Respecting children’s views in the classroom: Yashasvi’s story
The UN Convention on the Rights of the Child: Article 12 – the right to be heard and respected
Kotmale, Sri Lanka – In Kotmale, Sri Lanka, 12-year-old Yashasvi is finally getting the space she needs to learn, grow and speak up in the classroom.
“Discipline used to be a big part of our school life and keeping us quiet was a big part of this,” said Yashasvi. “For a long time, we were afraid to speak out about anything that affected us. Punishment was a word we heard – and experienced – a lot.”
However, in 2017, everything changed for Yashasvi and her classmates, when a new way of teaching called positive classroom management was introduced into her school.
“The principals and teachers started talking to us differently,” she says. “They began to encourage us to say what we felt, and not just about our lessons. The school is also showing more concern about the mental and emotional well-being of children – and as a result, the staff and the students are growing closer. Teachers are more patient and listen to us more."
"They no longer use the cane to submit us to good behaviour.”
At first, this new way of teaching took time to get used to. Many children were not comfortable speaking up, Yashasvi said, and were afraid of the repercussions of doing so. Realising this, her school created a recommendation book for students. In this book, students were invited to write their suggestions on making the school a safer, more productive learning environment. Almost immediately, the recommendations began pouring in.
“Our first request was for a physical education teacher. We convinced the principal that physical exercise and activity was something that would be good for us – and within weeks, we had a new teacher.”
Today, Yashasvi and her classmates have stopped using the suggestion book. Instead, they speak to their teachers or principals directly. They listen to the students’ input, and if appropriate, incorporate feedback into the school system.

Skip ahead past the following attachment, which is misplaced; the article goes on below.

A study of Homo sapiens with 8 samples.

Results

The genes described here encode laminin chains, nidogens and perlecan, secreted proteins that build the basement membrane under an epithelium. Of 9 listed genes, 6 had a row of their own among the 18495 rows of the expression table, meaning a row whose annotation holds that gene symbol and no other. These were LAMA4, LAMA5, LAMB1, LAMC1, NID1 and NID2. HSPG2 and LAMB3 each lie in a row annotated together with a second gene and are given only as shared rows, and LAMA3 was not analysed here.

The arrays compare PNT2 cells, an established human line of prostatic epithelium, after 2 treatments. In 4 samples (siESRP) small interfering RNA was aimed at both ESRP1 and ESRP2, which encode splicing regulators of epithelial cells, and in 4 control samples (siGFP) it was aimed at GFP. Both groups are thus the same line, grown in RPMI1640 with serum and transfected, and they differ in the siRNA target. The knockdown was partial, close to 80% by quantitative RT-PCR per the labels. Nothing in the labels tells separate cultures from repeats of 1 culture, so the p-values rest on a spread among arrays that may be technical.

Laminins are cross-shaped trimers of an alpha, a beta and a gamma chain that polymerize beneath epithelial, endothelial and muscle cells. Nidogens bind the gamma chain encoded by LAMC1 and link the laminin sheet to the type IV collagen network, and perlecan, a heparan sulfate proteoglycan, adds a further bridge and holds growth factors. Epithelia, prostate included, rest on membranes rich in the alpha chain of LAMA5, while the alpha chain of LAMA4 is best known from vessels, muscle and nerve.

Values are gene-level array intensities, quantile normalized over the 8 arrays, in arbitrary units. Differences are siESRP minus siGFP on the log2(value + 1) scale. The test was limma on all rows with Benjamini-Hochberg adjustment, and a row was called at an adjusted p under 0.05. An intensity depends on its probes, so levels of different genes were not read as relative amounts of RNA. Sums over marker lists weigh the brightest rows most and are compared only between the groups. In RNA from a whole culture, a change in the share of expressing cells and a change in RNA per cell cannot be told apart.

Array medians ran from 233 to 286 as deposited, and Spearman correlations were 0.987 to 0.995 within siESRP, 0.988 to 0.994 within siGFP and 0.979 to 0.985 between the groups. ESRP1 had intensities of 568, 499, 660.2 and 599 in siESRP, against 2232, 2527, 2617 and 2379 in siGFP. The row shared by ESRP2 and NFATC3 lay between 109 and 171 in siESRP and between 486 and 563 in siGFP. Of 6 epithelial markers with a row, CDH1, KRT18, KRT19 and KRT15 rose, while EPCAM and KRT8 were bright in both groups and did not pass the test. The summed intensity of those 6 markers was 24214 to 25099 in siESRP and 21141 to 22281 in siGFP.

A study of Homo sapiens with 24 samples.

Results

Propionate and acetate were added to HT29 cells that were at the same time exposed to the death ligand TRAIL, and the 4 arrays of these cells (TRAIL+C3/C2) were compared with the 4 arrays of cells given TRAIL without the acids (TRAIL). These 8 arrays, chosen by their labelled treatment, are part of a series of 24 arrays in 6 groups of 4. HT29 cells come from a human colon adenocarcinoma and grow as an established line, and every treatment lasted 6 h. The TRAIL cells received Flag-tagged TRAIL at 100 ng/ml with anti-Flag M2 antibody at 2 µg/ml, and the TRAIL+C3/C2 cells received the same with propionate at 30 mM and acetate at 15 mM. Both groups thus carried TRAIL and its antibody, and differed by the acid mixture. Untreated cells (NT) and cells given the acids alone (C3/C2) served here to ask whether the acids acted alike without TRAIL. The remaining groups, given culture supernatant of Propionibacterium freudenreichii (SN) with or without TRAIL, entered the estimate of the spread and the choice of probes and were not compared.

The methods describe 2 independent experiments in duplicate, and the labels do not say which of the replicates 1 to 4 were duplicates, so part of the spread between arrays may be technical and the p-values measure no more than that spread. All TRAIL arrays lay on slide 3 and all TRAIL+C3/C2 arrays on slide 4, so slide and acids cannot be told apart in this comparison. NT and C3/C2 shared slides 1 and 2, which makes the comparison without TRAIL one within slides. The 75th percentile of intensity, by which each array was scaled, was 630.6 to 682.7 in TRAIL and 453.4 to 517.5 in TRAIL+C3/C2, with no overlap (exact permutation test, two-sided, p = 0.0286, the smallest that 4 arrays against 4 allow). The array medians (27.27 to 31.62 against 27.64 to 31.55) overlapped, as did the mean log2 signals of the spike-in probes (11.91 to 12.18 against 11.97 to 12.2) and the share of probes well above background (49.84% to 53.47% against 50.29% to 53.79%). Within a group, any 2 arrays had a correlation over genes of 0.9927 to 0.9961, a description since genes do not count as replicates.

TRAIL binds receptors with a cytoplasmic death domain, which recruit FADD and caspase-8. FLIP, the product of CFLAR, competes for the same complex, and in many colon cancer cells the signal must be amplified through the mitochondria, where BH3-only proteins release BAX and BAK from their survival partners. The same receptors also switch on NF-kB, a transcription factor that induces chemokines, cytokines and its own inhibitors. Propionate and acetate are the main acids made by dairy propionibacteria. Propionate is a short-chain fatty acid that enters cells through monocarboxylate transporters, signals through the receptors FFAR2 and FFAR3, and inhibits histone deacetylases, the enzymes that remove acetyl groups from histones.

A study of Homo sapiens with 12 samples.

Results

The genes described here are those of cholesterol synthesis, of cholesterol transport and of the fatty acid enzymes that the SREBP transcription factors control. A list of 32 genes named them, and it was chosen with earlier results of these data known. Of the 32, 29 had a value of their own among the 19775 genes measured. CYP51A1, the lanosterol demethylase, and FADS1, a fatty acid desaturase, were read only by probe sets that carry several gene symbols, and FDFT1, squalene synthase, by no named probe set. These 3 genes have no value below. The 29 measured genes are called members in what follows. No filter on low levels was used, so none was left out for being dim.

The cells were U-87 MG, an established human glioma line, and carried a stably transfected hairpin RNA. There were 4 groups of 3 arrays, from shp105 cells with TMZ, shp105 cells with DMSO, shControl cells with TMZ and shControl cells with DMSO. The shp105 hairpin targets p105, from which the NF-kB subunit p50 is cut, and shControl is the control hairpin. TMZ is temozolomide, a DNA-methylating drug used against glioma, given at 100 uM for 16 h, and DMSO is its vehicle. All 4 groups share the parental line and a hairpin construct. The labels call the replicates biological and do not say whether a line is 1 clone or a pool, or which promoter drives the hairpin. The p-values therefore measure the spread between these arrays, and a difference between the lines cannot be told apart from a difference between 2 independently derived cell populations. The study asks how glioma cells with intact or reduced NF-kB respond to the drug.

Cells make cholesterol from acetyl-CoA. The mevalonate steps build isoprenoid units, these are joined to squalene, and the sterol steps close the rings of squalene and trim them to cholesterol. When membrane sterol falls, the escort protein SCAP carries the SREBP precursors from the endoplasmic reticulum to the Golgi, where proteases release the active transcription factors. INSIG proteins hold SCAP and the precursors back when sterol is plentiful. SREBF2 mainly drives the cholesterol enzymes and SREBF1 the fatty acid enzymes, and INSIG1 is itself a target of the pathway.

“It’s good to see our school progressing, as the classroom has become a better place for learning,” Yashasvi says. “The way we are taught certain subjects is changing. In our civic education class, for example, we use games to learn the material. I used to find civic education a boring subject, but it’s different now. There is teamwork involved, with all of us working together and helping each other. A few of us may find it difficult working in a group, but even they are beginning to understand that all students should be given an opportunity to contribute their points of view.”
Of course, children’s lives revolve around more than just the classroom. In Yashasvi’s school, students are also given the chance to speak about everything else affecting them.
“In a recent classroom exercise, we were asked to form into groups and discuss the challenges we face as young members of society. Our concerns included environmental issues, substance abuse, the inability to access and use new technologies, and being marginalised in society. Then, we had to list out the capacities we needed to meet these challenges.”
“I am becoming more optimistic about the future. I like coming to school because I know the next five years here will be better than the seven years I’ve already spent here.”